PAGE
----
The Band: Rhett Miller and the Serial Lady Killers. Miller has a handful of solo albums to his credit, but is best known as the lead singer of the Old 97’s, a rocking alt-country band from Texas that never quite garnered the mainstream success is deserved despite being featured in all kinds of movie and television soundtracks in the early aughties. I’d never much thought about the Old 97’s, what with them coming to the fore during my diapering and applesauce years, but I read this piece by Miller in the Atlantic Monthly last September about his experience being in NYC on 9/11 and found it incredibly moving. So it was based on his chops as an essayist rather than a songwriter that I wanted to see Miller perform.
The Venue: The Independent, San Francisco, June 19 2012. In Germany the bars and pubs have a concept called Stammtisch, which loosely translates to “regular table.” It’s the table where you and your buddies meet up, same time same place, every week for a beer and a chat; for friends that have been meeting for decades, it’s not unusual for them to have a special sign on the table to warn others away from that spot on, say, Sundays at 8 pm.
I think I have found my Stammsitz (regular seat) at the Independent – the benches on the far wall which put you about 10 feet from the stage, are near the restrooms, and have great sound. It’s exactly where I sat for Of Monsters and Men. I’m going to start needlepointing myself a plaque right after I finish this review.
The Company: My hardworking friend Kerryn who has had quite a stressful spring and needed a good night out on the town. Our families are symbiotic – her younger children need babysitters and my eldest daughter needs babysitting gigs, so anytime Kerryn and I can get a night out we have a perfect closed ecosystem.
The Crowd: If I invite you to a concert, I always pay for the tickets. But in return I ask for one thing: observations. How would you characterize the crowd? The opening act? The venue? I need your laundry list of free association adjectives, please, plus one beer.
Here’s how long it’s been since Kerryn’s seen a show: she thought the observation that “everyone is wearing plaid shirts, beards, and geek glasses” was newsworthy. I had to explain that that is now the default outfit of people under 35 and that we had to dig deeper. This is what we came up with: a wide age range extending all the way from dewy youth into the upper reaches of grandparenthood, but more than that, tall white dudes with their short white girlfriends.
The Opening Act: When I saw “The Wallflowers” on the marquee I thought surely it was advertising another night’s show. I continued to think that, as NYC-based folk rock band The Spring Standards took the stage and played a really fine set, blending vocal harmonies and an ever-changing roster of instruments.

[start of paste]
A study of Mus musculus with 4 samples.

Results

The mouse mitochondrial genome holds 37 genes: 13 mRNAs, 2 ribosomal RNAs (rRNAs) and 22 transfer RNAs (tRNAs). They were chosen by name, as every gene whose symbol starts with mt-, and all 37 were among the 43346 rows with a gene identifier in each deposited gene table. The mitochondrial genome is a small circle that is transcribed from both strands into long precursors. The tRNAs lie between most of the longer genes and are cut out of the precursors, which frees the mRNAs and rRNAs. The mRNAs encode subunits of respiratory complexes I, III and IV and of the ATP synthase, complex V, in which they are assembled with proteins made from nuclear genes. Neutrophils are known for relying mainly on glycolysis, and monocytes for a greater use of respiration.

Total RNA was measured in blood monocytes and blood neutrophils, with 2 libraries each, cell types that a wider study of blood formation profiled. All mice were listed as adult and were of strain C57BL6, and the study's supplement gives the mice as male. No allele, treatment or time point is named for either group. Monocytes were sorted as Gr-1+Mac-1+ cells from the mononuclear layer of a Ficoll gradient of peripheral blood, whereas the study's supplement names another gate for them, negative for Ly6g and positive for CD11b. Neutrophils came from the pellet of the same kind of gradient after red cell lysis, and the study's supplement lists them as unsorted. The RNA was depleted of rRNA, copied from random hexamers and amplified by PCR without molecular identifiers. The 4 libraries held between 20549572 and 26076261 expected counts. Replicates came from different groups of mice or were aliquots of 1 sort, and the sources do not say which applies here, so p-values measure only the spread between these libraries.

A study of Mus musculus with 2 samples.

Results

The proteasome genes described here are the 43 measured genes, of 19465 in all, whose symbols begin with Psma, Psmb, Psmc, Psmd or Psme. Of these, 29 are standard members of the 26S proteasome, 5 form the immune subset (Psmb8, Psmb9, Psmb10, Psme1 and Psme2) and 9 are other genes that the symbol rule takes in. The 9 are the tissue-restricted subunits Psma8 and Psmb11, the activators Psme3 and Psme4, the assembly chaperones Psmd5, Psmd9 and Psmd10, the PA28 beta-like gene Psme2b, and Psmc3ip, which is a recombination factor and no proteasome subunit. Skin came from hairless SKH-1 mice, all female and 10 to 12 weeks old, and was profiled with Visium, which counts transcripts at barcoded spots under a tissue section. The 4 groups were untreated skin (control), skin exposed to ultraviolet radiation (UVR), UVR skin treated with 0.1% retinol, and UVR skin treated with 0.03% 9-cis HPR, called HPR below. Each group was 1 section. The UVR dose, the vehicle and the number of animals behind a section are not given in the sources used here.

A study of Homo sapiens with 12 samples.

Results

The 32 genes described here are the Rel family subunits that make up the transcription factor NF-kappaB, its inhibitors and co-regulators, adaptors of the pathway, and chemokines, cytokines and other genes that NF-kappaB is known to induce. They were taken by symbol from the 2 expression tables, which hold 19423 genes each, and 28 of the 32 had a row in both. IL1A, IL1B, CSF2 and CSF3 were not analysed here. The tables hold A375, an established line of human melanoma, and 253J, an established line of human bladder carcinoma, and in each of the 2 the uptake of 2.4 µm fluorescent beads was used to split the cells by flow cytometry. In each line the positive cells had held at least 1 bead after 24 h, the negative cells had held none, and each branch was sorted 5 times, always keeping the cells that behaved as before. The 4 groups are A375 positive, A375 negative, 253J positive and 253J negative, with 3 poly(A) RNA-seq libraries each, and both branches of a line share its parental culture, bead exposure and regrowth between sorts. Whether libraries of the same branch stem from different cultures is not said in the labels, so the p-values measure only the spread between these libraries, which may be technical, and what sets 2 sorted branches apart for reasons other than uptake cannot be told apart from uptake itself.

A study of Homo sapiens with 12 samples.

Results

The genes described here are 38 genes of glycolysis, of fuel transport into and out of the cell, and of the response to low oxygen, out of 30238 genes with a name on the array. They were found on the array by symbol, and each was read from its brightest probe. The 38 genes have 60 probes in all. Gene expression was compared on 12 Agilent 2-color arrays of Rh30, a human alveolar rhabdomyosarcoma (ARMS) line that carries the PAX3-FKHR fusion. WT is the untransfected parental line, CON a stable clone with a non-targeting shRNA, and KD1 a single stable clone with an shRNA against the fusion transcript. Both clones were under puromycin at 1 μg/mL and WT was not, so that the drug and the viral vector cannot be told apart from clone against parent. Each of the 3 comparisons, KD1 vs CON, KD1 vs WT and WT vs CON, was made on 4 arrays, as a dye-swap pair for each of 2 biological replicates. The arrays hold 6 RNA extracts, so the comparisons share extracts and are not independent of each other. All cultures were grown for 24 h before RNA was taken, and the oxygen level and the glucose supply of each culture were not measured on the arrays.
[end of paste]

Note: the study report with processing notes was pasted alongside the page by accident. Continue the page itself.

And then who ambled onstage but Jakob Dylan and his band, to play a mix of old hits and new songs for a full hour. “We have a gig tomorrow night and needed a warm-up show,” Dylan announced, “so Rhett said we could play here.” You know, no big deal. That’s what rock stars do for each other. Because they’re givers.
Age Humiliation Factor: WhatEVER.
Yes, Kerryn is eight years younger than me. But did the bouncer have to ask her for ID, then look at me and say, “You’re over 21, aren’t you love?”
No he diin’t.
Cool Factor: High.
Anytime you pay to see two bands and get to see three, and the surprise band is a double Grammy award winner for best rock performance, you have to feel pretty good that you were in the right place at the right time. Sure beats staying home and watching Dance Moms.
Worth Hiring the Sitter? Yes, but make sure she’s allowed to work late.
As soon as Miller and the hard-rocking Serial Lady Killers hit the stage, Miller grabbed the mic and said, “We have a shit ton of music to play so we’re just gonna get started!” They proceeded to launch into one high energy, infectious alt-country-rock song after the next, all of which begged you to shake your hair to the music. Aside from the people in the first few rows, the tall dudes and their lady friends were surprisingly resistant to the beat: Kerryn’s final adjective of the night for the crowd was “stiff.”
Still, the songwriting was impeccable. So many eye-popping, memorable lyrics to ponder on the drive home.
And it must be said: Miller has the best haircut in rock, perfectly coiffed for maximum head shakage. I wanted to run out of the venue and around the corner to my hairdresser Dana’s house, so she could come check it out. I’ve seen her go into the rapture when the right person has the right haircut, and this definitely qualified.
What with the two opening bands, Miller and his crew were still going strong when we reluctantly crept out the side door at 11:30 pm. But Kerryn and I had a shit ton to do the next day and needed to get home to our respective kids. I’m consoling myself for the abbreviated concert by buying Miller’s newest album today, plus taking a deep dive in the Old 97’s archives. Then I’m going to ask Dana if she can give me a modified Rhett Miller haircut before I see my next head-shaking concert.